Last night I went bowling. But that’s not the whole story. The summer of 2012, the BFF and I had this summer pass we bought that let us play 2 free games every week. So we went and bowled and bowled and bowled. Sometimes our games were good, other times not so much.
In fact I used to tell people I bowled a two-seventy—two games, seventy each. 😉
It was soooo frustrating to practice so much and feel like we weren’t improving. We looked up techniques, asked other bowlers, but our scores didn’t seen to move.
It had been awhile since I’d last played when it came to last night, and it seemed like things were going as they usually did. Then this happened.
I’ve never gotten a turkey before. Ever. This was a personal best for me. Part of it was taking a step back, the other part was not over-thinking my techniques.
WHEN IT COMES TO WRITING
It’s good to study technique and practice and improve yourself. But there can be too much of a good thing. Sometimes a break is necessary to move forward.
But what you take a break from depends entirely upon your individual situations. Maybe you’ve been editing too long. Maybe it’s time to start editing. Maybe you’re reading too much. Maybe you’re not reading enough. It’s just as important to cut the wood as it is to sharpen the saw and vice versa.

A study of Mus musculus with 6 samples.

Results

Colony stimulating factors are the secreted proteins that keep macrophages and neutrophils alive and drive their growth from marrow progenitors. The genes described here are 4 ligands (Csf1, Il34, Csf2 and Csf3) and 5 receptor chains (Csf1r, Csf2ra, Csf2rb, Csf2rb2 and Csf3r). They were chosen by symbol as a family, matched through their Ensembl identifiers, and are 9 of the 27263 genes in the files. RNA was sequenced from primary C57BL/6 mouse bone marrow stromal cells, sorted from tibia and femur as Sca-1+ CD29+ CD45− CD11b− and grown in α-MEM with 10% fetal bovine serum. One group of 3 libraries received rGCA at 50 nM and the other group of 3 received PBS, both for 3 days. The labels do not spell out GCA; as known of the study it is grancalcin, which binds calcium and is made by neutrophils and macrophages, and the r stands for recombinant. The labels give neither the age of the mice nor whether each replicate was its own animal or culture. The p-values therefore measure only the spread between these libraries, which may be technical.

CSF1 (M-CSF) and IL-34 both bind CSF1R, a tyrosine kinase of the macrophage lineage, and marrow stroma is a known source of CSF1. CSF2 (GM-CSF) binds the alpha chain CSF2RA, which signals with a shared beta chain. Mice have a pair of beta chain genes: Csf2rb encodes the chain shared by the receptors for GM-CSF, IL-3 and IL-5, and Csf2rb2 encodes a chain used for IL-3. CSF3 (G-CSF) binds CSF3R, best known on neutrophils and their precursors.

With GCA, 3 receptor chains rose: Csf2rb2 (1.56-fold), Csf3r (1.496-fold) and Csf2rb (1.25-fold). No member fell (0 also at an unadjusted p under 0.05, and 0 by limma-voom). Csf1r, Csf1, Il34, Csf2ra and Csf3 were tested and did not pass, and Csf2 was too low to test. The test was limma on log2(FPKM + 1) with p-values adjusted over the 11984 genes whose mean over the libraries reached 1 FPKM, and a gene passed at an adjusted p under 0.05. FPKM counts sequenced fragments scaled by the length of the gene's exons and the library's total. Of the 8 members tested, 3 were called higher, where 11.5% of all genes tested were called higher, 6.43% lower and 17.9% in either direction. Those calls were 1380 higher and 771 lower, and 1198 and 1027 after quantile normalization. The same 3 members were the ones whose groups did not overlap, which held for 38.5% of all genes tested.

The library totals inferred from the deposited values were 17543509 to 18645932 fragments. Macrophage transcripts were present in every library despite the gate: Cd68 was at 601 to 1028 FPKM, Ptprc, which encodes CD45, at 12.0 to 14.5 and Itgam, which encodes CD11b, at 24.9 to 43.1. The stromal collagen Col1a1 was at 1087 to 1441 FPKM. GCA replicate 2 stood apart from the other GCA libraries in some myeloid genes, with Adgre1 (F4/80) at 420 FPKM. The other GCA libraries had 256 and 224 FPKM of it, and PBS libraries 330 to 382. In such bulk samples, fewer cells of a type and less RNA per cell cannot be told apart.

A mentor of mine recommended after finishing Shade I write something completely different to freshen my writing. I switched from third POV to first and from fantasy to a bit more contemporary. That’s how Project Clemmings was born. And it seems like this has been much easier to write–not that it should be easier per se. I just feel like I’m finally bowling a 142. I have a wise mentor.
So whatever you’re doing, take a look at your projects and goals and ask yourself how you can take a step back. How can you rejuvenate yourself as a writer? Or how can you keep yourself rejuvenated?
Then bowl a turkey.
Have you ever had to take a break? Was it helpful? What do you do to rejuvenate yourself?